Sen Ron Johnson: White House Economic Proposals Are “Jaw-Dropping” Ignorance

By    |   Thursday, 22 March 2012 09:01 PM EDT

Sen. Ron Johnson, a successful businessman serving his first term in the Upper House, tells Newsmax that President Barack Obama’s “economic ignorance” is “jaw-dropping” — and charges that he wants to “punish success.”

The Wisconsin Republican also says that a victory in the campaign to recall Gov. Scott Walker in his battle with public employee unions would send a terrible message to Washington lawmakers that political “courage” will be penalized.

Story continues below video.

Johnson was elected in 2010 in his first run at public office, defeating three-term Democrat Russ Feingold. He is a member of the Committee on the Budget and the Appropriations Committee.

In an exclusive interview with Newsmax.TV, Sen. Johnson was asked what would happen if President Obama is re-elected to another four-year term.

“It’s not pretty,” Johnson declares. “Financially it’s going to be a real disaster because it’s not only the fact that he’s not addressing our budget, but take a look at what his agencies are doing. Since 2008, 11,000 new rules and regulations have been issued. We’re crushing business’ ability to expand and that’s what we need to do. We need to grow our economy.

“This president is hostile to businessmen, to business owners and entrepreneurs. He wants to punish success. That’s not what made American great. What made American great is people taking personal responsibility, the entrepreneurial spirit that’s been the hallmark of this country.

“This president doesn’t understand it because he’s never operated in the private sector. He doesn’t understand economics. His solution to gas prices? Increase taxes on oil companies. How does that lower the price of gas? He’s done the same thing with Obamacare. His economic ignorance is quite honestly jaw-dropping.”

Asked if America’s fiscal situation is the defining issue of the 2012 election, Johnson responds: “I believe it is. It certainly was in 2010. And it’s going to continue to be the defining issue until the credit markets define it for us.

“That’s what we need to avoid. If we don’t address this seriously, at some point in time you’ll have the real day of reckoning here, when world credit markets and creditors take a look at the United States and say we’re not going to loan you money and we’re certainly not going to loan you money at these incredibly low interest rates. Then those rates [will] start increasing.

“For every one percent our average borrowing cost goes up, that adds $160 billion to our annual deficit. That will start crowding out spending rapidly, and you’ll end up with not only a fiscal crisis but a political crisis.”

Rep. Paul Ryan, chairman of the House Budget Committee, this week unveiled a plan to cut federal spending by $5.3 trillion over the next 10 years with the aim of producing a balanced budget by 2030.

Commenting on the proposal, Johnson tells Newsmax: “I would like to see us live within our means much sooner. But what is pretty notable is that at least Republicans have a plan. We’re addressing the real drivers of our long-term debt and deficit, and that really is the unsustainable nature of Medicare.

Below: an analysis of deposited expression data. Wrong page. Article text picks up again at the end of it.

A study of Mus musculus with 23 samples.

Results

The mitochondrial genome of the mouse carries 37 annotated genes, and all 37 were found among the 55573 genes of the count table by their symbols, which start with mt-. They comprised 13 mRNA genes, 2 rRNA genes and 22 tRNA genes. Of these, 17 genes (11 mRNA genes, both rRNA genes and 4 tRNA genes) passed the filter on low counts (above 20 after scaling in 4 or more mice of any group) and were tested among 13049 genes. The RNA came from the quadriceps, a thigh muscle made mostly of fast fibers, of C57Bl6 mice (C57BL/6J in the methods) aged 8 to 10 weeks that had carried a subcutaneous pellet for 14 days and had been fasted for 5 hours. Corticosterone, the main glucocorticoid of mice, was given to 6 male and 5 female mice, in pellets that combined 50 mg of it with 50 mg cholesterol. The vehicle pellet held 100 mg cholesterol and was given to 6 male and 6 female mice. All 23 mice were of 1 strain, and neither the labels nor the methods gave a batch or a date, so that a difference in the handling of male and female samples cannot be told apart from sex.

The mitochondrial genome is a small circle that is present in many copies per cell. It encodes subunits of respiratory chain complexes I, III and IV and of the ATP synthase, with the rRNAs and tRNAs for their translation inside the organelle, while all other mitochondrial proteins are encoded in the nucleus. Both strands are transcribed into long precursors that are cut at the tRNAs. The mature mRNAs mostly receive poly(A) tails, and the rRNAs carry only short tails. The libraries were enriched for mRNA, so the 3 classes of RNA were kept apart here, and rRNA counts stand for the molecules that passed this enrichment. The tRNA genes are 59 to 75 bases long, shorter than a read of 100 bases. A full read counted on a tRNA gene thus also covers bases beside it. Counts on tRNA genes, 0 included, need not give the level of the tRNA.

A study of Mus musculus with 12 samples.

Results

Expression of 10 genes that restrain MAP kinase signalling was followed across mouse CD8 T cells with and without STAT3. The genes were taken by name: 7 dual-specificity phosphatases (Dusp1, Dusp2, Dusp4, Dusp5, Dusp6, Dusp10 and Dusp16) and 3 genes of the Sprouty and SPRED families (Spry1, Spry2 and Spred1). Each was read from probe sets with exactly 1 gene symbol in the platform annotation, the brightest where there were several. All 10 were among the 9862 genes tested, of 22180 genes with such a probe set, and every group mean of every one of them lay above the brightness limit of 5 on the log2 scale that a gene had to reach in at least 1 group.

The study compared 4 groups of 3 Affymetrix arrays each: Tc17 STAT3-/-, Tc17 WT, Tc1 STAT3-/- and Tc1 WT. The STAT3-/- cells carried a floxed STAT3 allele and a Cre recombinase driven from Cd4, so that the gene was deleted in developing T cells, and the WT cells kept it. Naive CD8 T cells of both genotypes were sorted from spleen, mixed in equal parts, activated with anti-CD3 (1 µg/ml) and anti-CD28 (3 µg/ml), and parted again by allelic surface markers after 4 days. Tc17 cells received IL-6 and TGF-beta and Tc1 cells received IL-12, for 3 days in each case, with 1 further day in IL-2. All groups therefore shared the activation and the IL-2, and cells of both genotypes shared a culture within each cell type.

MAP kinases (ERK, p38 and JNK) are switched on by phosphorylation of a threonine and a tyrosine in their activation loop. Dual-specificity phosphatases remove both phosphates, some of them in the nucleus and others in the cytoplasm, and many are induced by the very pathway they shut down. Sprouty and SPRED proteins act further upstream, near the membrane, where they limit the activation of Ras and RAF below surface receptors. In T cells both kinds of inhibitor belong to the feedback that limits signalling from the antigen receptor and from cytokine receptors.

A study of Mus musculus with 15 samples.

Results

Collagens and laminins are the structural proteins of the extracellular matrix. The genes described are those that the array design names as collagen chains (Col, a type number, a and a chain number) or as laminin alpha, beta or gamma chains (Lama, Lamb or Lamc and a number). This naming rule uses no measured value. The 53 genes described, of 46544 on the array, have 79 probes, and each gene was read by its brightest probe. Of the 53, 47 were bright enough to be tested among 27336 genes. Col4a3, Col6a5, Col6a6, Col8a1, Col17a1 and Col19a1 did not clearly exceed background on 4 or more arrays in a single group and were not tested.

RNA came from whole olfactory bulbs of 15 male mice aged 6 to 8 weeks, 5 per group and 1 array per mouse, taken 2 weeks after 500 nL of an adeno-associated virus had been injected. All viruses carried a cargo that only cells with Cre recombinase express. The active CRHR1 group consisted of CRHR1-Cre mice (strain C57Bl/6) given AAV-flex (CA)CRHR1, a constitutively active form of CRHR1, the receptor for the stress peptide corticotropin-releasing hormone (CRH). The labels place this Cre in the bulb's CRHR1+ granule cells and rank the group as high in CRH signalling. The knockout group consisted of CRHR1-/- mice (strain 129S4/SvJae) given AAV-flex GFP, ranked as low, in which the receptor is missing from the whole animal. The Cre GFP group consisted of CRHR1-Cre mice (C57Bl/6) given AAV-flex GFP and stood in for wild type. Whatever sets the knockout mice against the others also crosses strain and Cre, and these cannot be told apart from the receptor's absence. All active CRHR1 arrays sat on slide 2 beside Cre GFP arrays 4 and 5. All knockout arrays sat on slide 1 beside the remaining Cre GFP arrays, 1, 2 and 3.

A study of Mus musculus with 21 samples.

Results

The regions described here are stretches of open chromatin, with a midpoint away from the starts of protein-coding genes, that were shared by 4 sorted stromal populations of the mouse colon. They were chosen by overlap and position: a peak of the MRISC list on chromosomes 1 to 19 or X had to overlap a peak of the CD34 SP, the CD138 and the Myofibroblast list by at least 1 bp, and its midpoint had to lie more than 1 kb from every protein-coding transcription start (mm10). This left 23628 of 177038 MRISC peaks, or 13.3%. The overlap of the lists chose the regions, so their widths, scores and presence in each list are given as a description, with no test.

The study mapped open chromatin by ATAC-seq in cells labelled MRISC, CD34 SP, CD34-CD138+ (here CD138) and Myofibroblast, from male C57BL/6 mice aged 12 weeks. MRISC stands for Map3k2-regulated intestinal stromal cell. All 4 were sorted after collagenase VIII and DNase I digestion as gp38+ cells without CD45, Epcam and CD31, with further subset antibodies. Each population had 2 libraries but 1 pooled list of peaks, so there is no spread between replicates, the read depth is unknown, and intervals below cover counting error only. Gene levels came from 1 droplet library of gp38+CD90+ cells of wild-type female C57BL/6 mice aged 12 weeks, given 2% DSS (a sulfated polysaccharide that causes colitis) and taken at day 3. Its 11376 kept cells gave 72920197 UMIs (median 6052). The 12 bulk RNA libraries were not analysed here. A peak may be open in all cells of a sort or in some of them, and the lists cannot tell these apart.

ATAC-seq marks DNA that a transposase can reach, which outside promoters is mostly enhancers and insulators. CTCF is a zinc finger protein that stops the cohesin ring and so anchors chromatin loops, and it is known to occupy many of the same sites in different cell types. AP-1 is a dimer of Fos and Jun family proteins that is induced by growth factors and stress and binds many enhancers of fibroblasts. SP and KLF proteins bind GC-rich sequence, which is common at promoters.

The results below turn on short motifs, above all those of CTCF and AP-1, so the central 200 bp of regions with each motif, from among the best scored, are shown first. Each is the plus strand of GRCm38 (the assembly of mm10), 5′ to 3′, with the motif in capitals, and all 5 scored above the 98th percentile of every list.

“President Obama has now put forward four budgets and his Treasury secretary admits they don’t even have a plan.

“We can certainly wish for a better plan out of the House Republicans, but at least there’s a plan there.

“I’ll certainly support that but there will be some alternatives here in the Senate which I will probably also support. I do believe it’s possible to bring our budget into balance in a shorter time frame, but it’s going to take presidential leadership” and that is why the election in November 2012 “is so critically important.

“The House will probably pass this budget, but it will die in the Senate. All the good pieces of legislation the House has produced have been dying in Harry Reid’s Senate, and the Senate hasn’t even passed a budget in over 1,050 days.

“We have to first put in the hard spending caps, instill the fiscal discipline that nobody can weasel out from. We need to make the Democrats acknowledge the problem and sit down with us and really start addressing these priorities. I do believe in the end it’s going to require a Constitutional Amendment” capping spending as a percentage of GDP.

He adds: “The bottom line is the president has proven that he’s not even willing to acknowledge the problem, much less work with us in good faith to solve it.”

Johnson says high oil prices “dramatically affect” national security by sapping our economy. “You cannot have strong national security if you are weak economically,” he states.

Referring to the campaign to recall Wisconsin Gov. Scott Walker over his budget cutting and dealings with public employee unions, Johnson comments: “I’m very hopeful that Governor Walker will survive that, and it’s incredibly important that he does.

“Here we have a governor and a group of legislators that had the courage to acknowledge the problem and then under repugnant levels of intimidation had the courage to make tough decisions, take the tough votes to solve the problem.”

And it would be terrible “if their reward for showing that courage is getting booted out of office” when similar courage is needed in Washington, he says.

“I think [Gov. Walker] agrees with me. We don’t want to underpay people that work for us in the public sector, but we can’t afford to overpay them. We have to make that case more forcefully.”